Democrats set Iraq deadline in war bill

Updated: 2007-03-22 07:15

U.S. soldiers of the 1st Platoon, Alpha Company, 2nd Battalion, 12th Cavalry Regiment take position as they patrol a street in Baghdad's north-west Shi'ite neighborhood of Sholla March 20, 2007.[Reuters]

WASHINGTON - US Senate Democrats on Wednesday revived legislation urging President Bush to bring combat troops home from Iraq in a year, attaching the plan to a $122 billion measure needed to fund the war.

The move puts Democrats on track for another confrontation with Bush over the increasingly unpopular war and with Republicans, who are expected to try to block the measure.


"United States troops should not be policing a civil war, and the current conflict in Iraq requires principally a political solution," says a draft Senate bill circulated to lawmakers in anticipation of a committee vote Thursday.

The measure would provide nearly $97 billion for the wars in Iraq and Afghanistan and billions more in domestic aid and emergency relief programs. It would require that Bush begin bringing home some troops within four months of the bill's passage, setting a nonbinding goal of having all U.S. combat troops out of Iraq by March 31, 2008.

The provision is similar to a resolution the Senate rejected last week. The vote then was 50-48, 12 shy of the 60 needed to pass, after Bush pledged to veto the legislation.

Democrats think the spending legislation has a much better chance. Sen. Ben Nelson, D-Neb., who voted against last week's proposal, has agreed to support the spending bill because it outlines benchmarks for the Iraqi government.

Democrats also think Republicans will be reluctant to reject a much needed spending bill that would fund popular projects in their states in favor of the war.

Senate Majority Leader Harry Reid, D-Nev., "continues to believe that despite the high-fives the Republicans had last week, there's serious heartburn in the caucus over the war," said his spokesman, Jim Manley.

So far, Republican leaders say they will reject the bill.

"We must not risk providing our troops the equipment and supplies they need to carry out their mission by including this risky Democratic leadership retreat plan, this poison pill," said Senate Republican leader Mitch McConnell of Kentucky. "We owe our troops better than that."

Sean Kevelighan, spokesman for the White House budget office, said it is "unfortunate that the Senate is wanting to delay vital funds for our troops by producing a bill that mirrors House legislation that will never become law, attempts to tie the hands of our military commanders and is a Christmas wish list of nonwar related spending add-ons."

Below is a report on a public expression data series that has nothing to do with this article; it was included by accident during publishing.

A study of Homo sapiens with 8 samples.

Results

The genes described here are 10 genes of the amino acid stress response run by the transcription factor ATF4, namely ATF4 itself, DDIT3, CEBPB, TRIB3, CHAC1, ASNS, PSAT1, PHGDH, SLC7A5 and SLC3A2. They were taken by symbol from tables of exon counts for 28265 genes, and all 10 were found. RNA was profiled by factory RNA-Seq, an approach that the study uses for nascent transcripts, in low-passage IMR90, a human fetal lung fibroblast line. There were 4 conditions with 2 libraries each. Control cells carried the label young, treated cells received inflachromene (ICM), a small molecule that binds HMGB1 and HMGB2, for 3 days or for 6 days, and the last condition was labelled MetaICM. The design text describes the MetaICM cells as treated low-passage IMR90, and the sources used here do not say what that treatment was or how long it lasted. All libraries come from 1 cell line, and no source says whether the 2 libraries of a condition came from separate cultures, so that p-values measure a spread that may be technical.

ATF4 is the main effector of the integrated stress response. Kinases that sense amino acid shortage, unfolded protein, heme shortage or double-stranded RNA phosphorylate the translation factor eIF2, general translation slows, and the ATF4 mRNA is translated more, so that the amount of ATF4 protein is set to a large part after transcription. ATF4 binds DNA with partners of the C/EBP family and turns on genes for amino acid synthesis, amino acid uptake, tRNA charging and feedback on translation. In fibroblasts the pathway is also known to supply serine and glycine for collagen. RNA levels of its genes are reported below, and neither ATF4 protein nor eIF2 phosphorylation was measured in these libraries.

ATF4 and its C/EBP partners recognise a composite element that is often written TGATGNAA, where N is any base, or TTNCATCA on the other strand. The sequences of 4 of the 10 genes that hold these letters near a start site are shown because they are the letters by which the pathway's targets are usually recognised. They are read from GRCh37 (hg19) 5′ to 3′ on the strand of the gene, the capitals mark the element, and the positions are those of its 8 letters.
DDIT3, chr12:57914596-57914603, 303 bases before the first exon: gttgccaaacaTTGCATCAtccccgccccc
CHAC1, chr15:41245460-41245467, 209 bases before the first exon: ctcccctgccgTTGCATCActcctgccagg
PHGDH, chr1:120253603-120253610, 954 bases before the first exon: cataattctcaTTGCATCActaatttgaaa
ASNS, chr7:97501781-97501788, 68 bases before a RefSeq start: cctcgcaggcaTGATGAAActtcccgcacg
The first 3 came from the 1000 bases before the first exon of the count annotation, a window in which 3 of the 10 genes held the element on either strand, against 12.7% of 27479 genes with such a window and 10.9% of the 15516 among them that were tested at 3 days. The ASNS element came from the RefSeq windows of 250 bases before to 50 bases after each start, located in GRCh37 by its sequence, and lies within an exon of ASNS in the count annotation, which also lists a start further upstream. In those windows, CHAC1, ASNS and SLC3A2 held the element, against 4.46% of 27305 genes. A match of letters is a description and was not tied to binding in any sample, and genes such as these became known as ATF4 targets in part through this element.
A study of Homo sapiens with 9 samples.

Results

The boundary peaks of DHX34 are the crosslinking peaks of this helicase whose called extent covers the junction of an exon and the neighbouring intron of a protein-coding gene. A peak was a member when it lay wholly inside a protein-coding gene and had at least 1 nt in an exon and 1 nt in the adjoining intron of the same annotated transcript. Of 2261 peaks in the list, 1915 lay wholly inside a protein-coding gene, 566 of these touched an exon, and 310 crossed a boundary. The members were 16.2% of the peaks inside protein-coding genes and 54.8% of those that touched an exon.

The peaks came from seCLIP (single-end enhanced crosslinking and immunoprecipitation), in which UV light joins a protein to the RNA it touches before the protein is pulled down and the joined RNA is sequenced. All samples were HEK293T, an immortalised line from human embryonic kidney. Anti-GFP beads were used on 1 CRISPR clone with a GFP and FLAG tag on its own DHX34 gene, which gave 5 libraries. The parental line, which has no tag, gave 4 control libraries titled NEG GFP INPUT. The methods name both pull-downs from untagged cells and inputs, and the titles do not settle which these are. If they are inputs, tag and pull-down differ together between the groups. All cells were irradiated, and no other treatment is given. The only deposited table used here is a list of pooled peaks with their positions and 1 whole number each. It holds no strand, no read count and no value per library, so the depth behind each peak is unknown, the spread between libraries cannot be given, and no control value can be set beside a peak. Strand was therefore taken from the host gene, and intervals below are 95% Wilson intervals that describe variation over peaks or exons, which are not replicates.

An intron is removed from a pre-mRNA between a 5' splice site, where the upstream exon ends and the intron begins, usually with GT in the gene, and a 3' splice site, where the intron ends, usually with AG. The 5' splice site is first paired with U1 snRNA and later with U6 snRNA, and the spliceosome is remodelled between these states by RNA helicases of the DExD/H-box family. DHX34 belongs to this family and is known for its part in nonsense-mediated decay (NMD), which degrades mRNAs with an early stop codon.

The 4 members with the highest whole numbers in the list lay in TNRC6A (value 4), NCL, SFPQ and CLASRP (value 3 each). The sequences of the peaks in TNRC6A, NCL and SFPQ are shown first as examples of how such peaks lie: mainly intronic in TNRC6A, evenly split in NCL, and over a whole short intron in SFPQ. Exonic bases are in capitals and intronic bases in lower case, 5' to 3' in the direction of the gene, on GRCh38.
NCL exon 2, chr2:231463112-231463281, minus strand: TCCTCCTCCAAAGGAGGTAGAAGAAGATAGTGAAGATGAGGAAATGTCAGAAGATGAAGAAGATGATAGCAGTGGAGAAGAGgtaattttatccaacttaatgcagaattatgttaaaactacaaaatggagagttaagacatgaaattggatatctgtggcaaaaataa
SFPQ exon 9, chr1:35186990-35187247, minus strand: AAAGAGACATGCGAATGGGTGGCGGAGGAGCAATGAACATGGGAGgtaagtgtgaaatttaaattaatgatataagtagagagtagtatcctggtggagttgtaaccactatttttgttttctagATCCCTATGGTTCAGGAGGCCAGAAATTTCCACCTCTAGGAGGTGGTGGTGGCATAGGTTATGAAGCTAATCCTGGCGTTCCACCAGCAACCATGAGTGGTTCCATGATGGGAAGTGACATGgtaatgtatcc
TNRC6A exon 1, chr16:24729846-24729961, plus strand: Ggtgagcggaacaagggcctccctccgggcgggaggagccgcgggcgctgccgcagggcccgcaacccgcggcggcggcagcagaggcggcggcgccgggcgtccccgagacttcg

The House was expected to vote Thursday on a similar $124 billion spending bill that would finance the wars. The bill, which Bush also threatened to veto, would require that combat troops be out of Iraq before September 2008, possibly sooner if the Iraqi government does not meet certain benchmarks.

House Speaker Nancy Pelosi, D-Calif., pressed Democrats to back the bill, unsure whether she had enough votes to pass it. In a private meeting, former President Carter's national security adviser, Zbigniew Brzezinski, tried to convince party skeptics that the bill was their best chance at ending the war.

Max Cleland, a Vietnam War veteran and former Democratic senator from Georgia, also came out in support of the bill. His endorsement could help to persuade more conservative Democrats who do not want to tie the hands of military commanders.

Like the House bill, the Senate legislation would allow for an unspecified number of troops to be left behind in Iraq for anti-terrorism missions, training Iraqi forces and protecting coalition infrastructure and personnel. Of the more than 140,000 U.S. troops in Iraq, fewer than half are combat forces.

The Senate proposal would urge the Iraqi government to meet certain benchmarks, such as disarming militias and amending the constitution to protect Sunni minorities.

The inclusion of the benchmarks was enough to persuade Nelson to support the bill, spokesman David DiMartino said. Nelson opposes arbitrary deadlines to end the war but wanted legislation that would put pressure on the Iraqi government to take more responsibility.

The Senate measure would set no consequences if the Iraqis fail to achieve those goals. Under the House bill, combat troops would have to begin coming home as early as this fall if the president cannot certify that the Iraqi government was making progress.

The Senate measure requires the U.S. commander in Iraq to submit regular reports on progress made by the Iraqi government toward meeting those goals; the president also would have to report on progress made in redeploying troops.